Silas Dillon of Cary County is a book we all should read. Not because it tells a compelling story – it does – but because it’s an eye-opening look at what happens to children who fall through the cracks.  

It’s clear from the first pages of this well-written book, that the author knows his subject matter very well. It feels so real, in fact, that the reader might believe he is reading an autobiography.

But, although Silas Dillon of Cary County might mimic the experiences of too many children caught in the foster care system, it is a work of fiction. What gives the book its authenticity is author Clifford Schrage’s firsthand knowledge of foster care – he and his wife have two biological children and have adopted six.

The story is set around the life of Silas Dillon, a bi-racial minister from the New York City suburbs who, like the author, is the father of several foster and adopted children.

The adult Dillon takes readers back through his heartbreaking childhood. Born to an addicted mother who gave him up shortly after birth, he was placed in eight foster homes and returned to his mother twice before finally finding a forever        family.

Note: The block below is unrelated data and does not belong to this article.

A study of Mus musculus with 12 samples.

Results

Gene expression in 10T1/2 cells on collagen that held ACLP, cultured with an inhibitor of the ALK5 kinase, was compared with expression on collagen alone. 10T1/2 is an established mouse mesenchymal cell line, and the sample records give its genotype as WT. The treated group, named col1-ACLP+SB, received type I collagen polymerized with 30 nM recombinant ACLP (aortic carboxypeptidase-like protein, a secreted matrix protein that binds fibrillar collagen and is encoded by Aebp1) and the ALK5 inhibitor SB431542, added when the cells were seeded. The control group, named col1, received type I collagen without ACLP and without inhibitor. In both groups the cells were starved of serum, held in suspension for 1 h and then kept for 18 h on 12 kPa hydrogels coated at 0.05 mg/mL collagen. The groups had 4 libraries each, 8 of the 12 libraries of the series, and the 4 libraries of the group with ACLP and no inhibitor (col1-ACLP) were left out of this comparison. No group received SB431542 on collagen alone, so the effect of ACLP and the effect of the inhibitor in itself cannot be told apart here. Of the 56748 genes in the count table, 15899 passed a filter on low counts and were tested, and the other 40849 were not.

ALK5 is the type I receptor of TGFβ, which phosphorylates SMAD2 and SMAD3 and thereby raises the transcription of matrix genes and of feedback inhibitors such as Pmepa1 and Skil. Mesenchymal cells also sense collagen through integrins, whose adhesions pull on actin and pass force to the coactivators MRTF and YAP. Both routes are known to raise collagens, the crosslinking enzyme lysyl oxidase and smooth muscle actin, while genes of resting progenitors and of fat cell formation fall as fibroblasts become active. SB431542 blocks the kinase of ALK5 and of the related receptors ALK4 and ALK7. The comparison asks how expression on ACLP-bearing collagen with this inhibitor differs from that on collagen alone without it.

The author’s (and the adult Dillon’s) biggest issue with the foster care system seems to be that it honors the rights of a birth mother over what is best for the child.

Dillon’s one chance at a stable home was taken from him when the state turned him back over to his unstable mother.

With every move young Silas is made to endure, you can feel and understand the pent-up anger that was building inside the unwanted child.

“Agencies continue to seek and receive state funds for each foster child placed within their charge, creating a discriminating reluctance to encourage adoption, as unremitting money is welcomed,” the author writes. “And the bureaucracy is as monstrous as it was then, crammed with cases in court, with lifeless little laws that are loud enough to drown out the inexpressible cries of the lingering children waiting for a simple place of belonging. That facade of good intentions and the camouflage of nice words continue, while cases adjourn and adjourn, while countless foundling castaways flounder.”

The author not only has harsh words for the system, he is pretty tough on religious people who could easily offer a home to children who need the stability and love Christians are taught to give.

Dillon says this, “We observe so many … driving to church in comfortable cars, with their 2.3 well-dressed children, from commodious homes, wearing fair, indifferent smiles and genteel clothes, holding their selectively read Bibles, quoting those verses interpreted exclusively as promises for their own self-indulgence.

“The clarion shout from James’ voice, to his pen, to ears that hear and hearts that sense, continues to cry through the ages: ‘Religion that God our Father accepts as pure and faultless is this: to look after orphans and widows in their distress and to keep oneself from being polluted from the world.’” (Bible, James 1:27)

So, read Silas Dillon of Cary County, expecting to be entertained. But more than that, read this book expecting to be enlightened and challenged.